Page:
Replacement Windows for Improved Energy Efficiency: A Walk-Through Case Study

Premier Inspection’s real estate inspectors Travis Hill and Bryan Hughes are often asked by friends and acquaintances to assess their homes and suggest the best ways to address whatever issues there might be. This is a story about one of those inspections.

During our walk-through, I encountered 12 single-glazed, aluminum-frame horizontal slider windows of 1970s vintage—not the best from a comfort or energy standpoint, but their factory finish is still in pretty good shape, and they’re fitted with screens and storm sashes. The exterior caulking around the frames is fairly worn out and cracking.

On our way inside, I noticed that the soffit panels at the eaves have all been taken off. I saw that the underside of the sheathing is water-stained. I’ll bet there was leaking from rain, and it’s ruined the soffits. They already had a new asphalt shingle roof put on.  I hope they flashed the eaves against leakage caused by moisture.

Looking at the windows from inside, We found some evidence of moisture infiltration around the jambs and sills. Was the source the damaged caulk?  Inadequate flashing in the original installation?  Leaks from moisture?

Better windows are available these days. In our market, it would probably cost him about $500 apiece to replace the sliders with vinyl low-E, gas-filled units. There’s also a big combination unit with fixed glass and double-hungs on the front of the house; replacement would cost about $2,000. But would replacement windows—properly installed—actually improve comfort, and preserve or add value to the house?

While mulling that over, we went into the living room to look at the sliding glass patio doors. They’re much newer than the other windows, as they have aluminum frames and insulating glass. They’re in great shape, but the sheer size of the glazed area explains why the house is so chilly in winter.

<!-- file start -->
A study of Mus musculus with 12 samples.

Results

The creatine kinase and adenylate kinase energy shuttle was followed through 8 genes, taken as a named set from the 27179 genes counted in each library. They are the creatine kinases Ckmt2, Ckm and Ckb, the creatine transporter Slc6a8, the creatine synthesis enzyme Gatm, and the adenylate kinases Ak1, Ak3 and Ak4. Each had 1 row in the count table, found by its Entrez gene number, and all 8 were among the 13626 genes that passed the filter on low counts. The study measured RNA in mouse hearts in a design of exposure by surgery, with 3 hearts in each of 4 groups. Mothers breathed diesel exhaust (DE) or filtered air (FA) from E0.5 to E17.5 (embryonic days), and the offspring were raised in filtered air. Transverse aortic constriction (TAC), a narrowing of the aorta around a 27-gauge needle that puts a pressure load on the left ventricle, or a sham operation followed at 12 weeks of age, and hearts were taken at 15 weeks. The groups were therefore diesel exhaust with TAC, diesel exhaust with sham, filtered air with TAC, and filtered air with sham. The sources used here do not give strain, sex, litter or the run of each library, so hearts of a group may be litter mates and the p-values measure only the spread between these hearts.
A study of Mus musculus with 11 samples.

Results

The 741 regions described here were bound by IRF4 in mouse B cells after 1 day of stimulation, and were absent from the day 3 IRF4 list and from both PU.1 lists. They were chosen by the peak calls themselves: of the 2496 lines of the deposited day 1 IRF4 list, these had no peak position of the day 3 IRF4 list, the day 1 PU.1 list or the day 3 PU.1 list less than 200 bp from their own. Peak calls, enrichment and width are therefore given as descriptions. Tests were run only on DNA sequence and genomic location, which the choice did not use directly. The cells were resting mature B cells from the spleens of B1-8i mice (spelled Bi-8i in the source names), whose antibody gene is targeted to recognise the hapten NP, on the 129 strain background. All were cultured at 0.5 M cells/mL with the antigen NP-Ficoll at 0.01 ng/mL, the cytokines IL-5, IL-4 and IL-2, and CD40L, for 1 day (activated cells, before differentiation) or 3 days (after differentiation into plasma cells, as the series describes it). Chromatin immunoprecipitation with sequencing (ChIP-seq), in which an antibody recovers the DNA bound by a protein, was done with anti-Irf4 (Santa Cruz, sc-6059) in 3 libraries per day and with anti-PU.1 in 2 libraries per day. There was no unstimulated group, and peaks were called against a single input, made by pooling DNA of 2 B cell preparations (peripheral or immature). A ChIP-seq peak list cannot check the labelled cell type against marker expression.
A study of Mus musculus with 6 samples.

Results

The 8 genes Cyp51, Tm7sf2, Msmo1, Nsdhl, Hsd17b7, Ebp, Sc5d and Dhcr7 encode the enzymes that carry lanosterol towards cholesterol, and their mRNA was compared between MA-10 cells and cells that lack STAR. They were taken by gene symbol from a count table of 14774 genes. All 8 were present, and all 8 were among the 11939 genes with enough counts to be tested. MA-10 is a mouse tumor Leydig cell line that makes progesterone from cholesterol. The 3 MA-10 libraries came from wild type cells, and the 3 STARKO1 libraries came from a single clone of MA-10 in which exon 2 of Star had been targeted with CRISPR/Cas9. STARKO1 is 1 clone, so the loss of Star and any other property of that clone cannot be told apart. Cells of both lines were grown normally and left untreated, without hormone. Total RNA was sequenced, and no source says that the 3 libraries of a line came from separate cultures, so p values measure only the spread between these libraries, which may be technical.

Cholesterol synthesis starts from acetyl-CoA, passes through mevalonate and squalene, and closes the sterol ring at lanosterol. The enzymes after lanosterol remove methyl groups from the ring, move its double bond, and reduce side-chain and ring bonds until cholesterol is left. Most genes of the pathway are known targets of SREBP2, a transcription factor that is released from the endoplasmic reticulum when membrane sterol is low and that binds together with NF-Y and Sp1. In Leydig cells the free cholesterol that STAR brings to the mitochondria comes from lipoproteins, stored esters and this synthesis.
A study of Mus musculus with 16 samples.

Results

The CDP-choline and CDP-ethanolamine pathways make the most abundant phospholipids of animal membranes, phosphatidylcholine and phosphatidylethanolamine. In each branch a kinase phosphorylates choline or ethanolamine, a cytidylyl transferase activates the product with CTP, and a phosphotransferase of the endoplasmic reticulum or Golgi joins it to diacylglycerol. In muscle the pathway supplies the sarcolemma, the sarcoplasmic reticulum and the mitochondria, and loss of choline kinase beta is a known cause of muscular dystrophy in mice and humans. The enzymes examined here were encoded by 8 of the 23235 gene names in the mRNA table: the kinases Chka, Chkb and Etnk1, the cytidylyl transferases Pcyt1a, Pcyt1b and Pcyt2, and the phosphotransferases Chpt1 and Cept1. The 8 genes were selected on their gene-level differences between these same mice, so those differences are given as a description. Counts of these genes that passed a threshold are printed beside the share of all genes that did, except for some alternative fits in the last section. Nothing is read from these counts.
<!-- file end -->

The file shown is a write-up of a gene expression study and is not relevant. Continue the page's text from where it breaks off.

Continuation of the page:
Premier Inspection’s advice to is this:

  • It wouldn’t make much sense to replace the horizontal sliding windows throughout the house. While they’re old and only single-glazed, they’re fitted with storm sashes, so their energy performance is roughly comparable to double-paned glazing. We have concerns about the evidence of moisture infiltration around the windows, but our guess is that the new roof may have corrected the problem. We would, however, renew the exterior caulking, and fill and paint the interior finished openings, as well as keep an eye on them to see whether evidence of moisture intrusion returns.
  • It wouldn’t make any sense to replace the sliding glass doors in the living room with new ones of comparable size. It would cost about $5,000 to upgrade them with doors with gas-filled glazing, and that would improve the energy performance from R-2 to R-4, but it would result in only a very small improvement in comfort, and probably no reduction in energy costs.
  • Finally, Premier Inspections would invest in thermal drapes for the living room and elsewhere to help keep his college grad and her roommates more comfy.